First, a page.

Prof. Morton Sommer

Morten-SommerI got my Masters (University of Copenhagen) in Physics and Biophysics and my PhD (Harvard University) in Biophysics. During my PhD I became fascinated by bacteria and the incredibly biological diversity they comprise. I began to study their potential for harm (antibiotic resistance and bacterial pathogens) as well as they potential for addressing
some of the societal challenges (biobased production of chemicals and synthetic biology). Since 2010, I have been a professor in systems biology (Technical University of Denmark), where my lab works on improving our understanding of bacterial systems in order to address challenges within healthcare and industrial biotechnology.

About our lab

My lab at the Technical University of Denmark currently hosts 7 PhD students and 7 post docs and 1 research technician. The lab is split into two different sections focusing on human health and industrial biotechnology, respectively. However, we have several collaborative projects that bridge between the two application areas. In general we like to develop methods to assess large amounts of biological diversity ranging from environmental resistomes, combinatorial pathway assemblies to multiplex genome engineering libraries. At a recent retreat the lab defined its values as impactful, curious and open-minded.

More information about our lab

About the project

Project 10: A major obstacle during large scale fermentations is that heterogeneity develops within the population leading to suboptimal yields. Subpopulations that do not produce as much of the desired chemical take over the fermentation, since they are more fit than highly producing cells. We wish to characterize these processes from a population level and a single cell level using sensitivity biosensors and single cell genomics. Our goal is to understand the general paths that lead to such drift and develop new approaches to counteracting this evolutionary challenge.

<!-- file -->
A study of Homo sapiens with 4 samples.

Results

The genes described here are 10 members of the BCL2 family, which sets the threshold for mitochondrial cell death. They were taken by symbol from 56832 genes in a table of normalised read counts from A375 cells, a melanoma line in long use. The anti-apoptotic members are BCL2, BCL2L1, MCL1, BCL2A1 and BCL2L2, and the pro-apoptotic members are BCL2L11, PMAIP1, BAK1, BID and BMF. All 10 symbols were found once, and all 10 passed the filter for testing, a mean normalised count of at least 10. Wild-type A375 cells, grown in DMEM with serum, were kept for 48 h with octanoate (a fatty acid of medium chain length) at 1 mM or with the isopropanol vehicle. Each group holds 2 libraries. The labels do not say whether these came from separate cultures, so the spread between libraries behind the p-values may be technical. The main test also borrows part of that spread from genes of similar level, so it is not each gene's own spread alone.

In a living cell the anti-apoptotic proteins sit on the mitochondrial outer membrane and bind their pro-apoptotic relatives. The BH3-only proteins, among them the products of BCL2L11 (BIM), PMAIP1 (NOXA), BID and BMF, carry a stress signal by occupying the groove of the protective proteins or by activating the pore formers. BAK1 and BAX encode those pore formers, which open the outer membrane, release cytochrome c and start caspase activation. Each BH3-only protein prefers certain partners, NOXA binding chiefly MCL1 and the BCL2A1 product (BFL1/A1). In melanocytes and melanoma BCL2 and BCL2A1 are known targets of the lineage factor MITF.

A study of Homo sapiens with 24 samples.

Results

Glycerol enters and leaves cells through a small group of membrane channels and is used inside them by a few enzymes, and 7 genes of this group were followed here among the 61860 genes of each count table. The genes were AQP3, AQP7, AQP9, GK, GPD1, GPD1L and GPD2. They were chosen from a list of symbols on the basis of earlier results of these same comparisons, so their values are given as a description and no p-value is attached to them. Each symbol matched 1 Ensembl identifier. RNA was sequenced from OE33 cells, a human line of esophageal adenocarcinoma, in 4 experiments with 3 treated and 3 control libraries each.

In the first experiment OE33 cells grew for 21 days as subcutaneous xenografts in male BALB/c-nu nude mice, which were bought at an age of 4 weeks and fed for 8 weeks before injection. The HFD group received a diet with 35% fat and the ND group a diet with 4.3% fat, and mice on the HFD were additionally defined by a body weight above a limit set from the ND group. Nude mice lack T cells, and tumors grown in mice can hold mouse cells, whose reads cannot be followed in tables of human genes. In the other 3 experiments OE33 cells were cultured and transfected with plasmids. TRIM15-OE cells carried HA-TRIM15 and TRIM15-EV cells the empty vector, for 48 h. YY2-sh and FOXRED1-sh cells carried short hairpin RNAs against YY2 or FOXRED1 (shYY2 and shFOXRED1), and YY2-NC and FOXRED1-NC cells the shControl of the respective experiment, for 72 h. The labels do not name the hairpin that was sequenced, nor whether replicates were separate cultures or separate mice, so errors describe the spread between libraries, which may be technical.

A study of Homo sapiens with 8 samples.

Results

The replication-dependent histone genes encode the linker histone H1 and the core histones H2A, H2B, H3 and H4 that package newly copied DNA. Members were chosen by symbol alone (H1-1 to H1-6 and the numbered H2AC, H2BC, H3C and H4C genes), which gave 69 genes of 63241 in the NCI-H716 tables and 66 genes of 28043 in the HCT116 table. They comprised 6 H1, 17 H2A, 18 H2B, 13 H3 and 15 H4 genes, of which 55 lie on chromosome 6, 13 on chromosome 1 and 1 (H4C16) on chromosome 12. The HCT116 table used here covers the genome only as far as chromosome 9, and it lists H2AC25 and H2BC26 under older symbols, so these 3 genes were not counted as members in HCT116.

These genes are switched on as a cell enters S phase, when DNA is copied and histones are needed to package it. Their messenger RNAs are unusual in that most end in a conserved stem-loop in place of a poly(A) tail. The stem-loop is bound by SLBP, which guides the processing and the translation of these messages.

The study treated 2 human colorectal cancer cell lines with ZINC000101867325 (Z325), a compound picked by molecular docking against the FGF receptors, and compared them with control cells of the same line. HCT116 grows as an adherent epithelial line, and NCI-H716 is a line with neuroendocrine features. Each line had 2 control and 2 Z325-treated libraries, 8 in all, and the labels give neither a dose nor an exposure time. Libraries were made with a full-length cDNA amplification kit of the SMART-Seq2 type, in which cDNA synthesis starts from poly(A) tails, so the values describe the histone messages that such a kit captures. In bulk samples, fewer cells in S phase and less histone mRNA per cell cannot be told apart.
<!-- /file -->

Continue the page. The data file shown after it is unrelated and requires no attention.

Project 11: We have deployed synthetic selection systems based on biosensors to couple cellular survival to production of a particular compound. Such systems are very useful for metabolic engineering projects in order to select compound producing cells from complex and diverse libraries. In order to apply this cellular technology to the optimization of biological cell factories it is necessary to develop general approaches by which the sensitivity of such synthetic networks can be tuned to gradually increase the production requirements. Using such systems we can continue to select for higher producing cells and thereby accelerate the development of cell factories.